Toxic Beauty Standards Harm Women


 The big issue in the world right now is something called “toxic beauty standards.” What are toxic beauty standards and where do they come from? Beauty standards come from society, and society starts forming an idea of beauty through comparison of one human being to another, and they set up unrealistic standards. Why is it an issue though? The real reason why beauty standards are toxic is that it makes it seem like “beautiful” people are superior to “ugly” people, or that some features are more attractive than other features. As a female, I understand how toxic these standards can be. I used to be ashamed of how I look. But not anymore.

Beauty standards mainly affect women around the world (they can also affect men as well). Beauty standards can be compared to an unrealistic mold that you will never fit into. Plastic and makeup are popular ways to change/hide unwanted features to fit into these standards. Beauty standards are like a disease that spreads like wildfire through people’s heads. 

But beauty comes in all shapes and sizes. I believe society needs to accept all types of beautiful people in modeling agencies and promote other people who don’t fit the toxic beauty standards society has made. Beauty is extremely targeted towards females. Makeup and cosmetic surgery are impacting our world in ways that are making women feel self-conscious. In the end, everyone is beautiful in their own way, and it’s not the responsibility of society to dictate who is and isn’t “beautiful.”

The main issue is society. This is where all beauty standards are born. Every beauty standard is different in every country, but they are all toxic just by setting up a “standard.” Some examples of beauty standards are: you can’t be fat, you can’t be too thin, no acne, no cellulite, no stretch marks, you can’t be too pale, or too dark. Everybody is so brainwashed about what is considered to be beautiful. Everyone is beautiful, but we are blinded by society’s evil mindset towards the concept of beauty. There is a disorder called body dysmorphia where some people think they are unrealistically ugly and they hate themselves for it. Toxic beauty standards contribute to all of these problems. Some people believe they are flawed because they don’t meet up with the beauty standard. Sometimes people get bullied for their appearance online (cyberbullying). This can trigger massive anxiety and low self-esteem in kids; it can even lead to suicide attempts. 

Toxic beauty standards mean toxic beauty treatments and products. Skin bleaching, flat ironing, and chemical hair processors are being used by Black women to comply with the standard of having light skin and straight hair. Skin bleaching irritates the skin, thins the skin, and causes kidney, liver, and nerve damage. Many Black females have been fired by growing out or wearing their natural hair to work, but when they have heat and chemically processed straight hair it is completely “normal.” These people believe that natural hair is “distracting” or “ugly.” But do you know what is not normal? That ignorant people are saying natural hair is “unnatural.” Even cultural Black hairstyles are considered “ghetto” and “dirty.” If you can’t accept a Black person’s hair, you are racist because you hate a part of them that they identify with.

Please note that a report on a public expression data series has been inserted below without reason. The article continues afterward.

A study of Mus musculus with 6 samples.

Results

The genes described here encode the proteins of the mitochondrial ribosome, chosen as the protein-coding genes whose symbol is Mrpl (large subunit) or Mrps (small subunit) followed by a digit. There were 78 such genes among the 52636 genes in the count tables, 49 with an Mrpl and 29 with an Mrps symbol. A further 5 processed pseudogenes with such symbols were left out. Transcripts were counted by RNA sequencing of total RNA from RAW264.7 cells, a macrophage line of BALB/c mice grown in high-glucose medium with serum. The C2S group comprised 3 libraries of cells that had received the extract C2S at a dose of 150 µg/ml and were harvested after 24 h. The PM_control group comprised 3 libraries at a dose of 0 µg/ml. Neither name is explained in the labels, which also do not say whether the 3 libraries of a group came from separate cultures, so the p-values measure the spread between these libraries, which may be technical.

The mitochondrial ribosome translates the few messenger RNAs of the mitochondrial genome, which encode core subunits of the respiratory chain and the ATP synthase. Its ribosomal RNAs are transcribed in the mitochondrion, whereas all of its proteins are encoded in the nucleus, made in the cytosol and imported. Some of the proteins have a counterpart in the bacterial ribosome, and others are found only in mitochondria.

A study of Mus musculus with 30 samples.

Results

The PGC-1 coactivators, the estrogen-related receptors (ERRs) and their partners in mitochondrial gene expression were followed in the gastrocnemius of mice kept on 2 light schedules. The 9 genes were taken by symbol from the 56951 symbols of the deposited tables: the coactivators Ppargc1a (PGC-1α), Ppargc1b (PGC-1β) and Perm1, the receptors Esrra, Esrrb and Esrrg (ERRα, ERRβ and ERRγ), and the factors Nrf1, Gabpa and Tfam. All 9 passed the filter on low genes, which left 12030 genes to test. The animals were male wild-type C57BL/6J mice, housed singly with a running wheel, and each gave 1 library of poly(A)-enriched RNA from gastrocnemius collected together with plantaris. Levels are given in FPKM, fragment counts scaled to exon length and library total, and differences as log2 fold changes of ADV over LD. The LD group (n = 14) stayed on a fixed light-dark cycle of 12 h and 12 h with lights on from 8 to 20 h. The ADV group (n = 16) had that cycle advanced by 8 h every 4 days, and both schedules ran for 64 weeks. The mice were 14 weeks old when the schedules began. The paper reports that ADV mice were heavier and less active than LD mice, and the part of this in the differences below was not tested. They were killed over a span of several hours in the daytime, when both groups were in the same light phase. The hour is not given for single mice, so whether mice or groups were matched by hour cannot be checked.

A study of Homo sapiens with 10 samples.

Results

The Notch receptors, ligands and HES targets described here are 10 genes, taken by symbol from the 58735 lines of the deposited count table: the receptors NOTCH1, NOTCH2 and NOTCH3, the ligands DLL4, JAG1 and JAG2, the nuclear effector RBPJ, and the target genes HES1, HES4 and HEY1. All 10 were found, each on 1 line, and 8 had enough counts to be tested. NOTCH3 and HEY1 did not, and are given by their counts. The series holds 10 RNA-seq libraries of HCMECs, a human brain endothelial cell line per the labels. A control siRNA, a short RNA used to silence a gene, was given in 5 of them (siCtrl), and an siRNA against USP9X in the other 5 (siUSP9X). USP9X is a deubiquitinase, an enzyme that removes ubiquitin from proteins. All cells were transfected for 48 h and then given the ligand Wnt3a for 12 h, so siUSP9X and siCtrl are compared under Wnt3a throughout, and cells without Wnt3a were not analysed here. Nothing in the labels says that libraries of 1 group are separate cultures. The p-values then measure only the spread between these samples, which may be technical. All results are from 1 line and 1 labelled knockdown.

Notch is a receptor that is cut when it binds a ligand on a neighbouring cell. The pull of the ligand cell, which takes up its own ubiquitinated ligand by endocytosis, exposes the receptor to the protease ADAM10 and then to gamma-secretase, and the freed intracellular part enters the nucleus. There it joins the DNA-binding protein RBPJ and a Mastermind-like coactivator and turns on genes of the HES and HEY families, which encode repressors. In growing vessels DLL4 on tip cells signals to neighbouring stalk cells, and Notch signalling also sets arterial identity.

There is a whole obsession with Eurocentric features. Being white, having a small nose, straight hair, etc., is considered beautiful, and that is what has been shown to me ever since I was small. It made me feel ugly because I have brown skin and my hair isn’t straight. One of my family members even told me I look pretty for a “Black girl,” and I took that as a compliment, but I still felt uneasy because they insinuated that Black people are “ugly,” and I was one of the few Black people that are “pretty.” I started straightening my hair the whole time and it came to a point where my hair was getting heat and chemically damaged. I ended up crying because I didn’t just damage my hair, I damaged my “crown” just to meet up to people’s expectations of beauty. I never felt so embarrassed that I let my mom’s and other people’s problematic ideas get into my head.

We need to fight against what is wrong! Females should not be submissive to ignorance, toxicity, and misogynistic ideals. We need to educate people who don’t know the negative impact beauty standards have caused. No one should be oppressed by standards. We need to pave the way for other people who aren’t considered beautiful to society – to prove society wrong. No one should change their beautiful self to satisfy anybody because, as I learned from my experiences, you will never be satisfied. We need to help others who are struggling with low self-esteem to love themselves.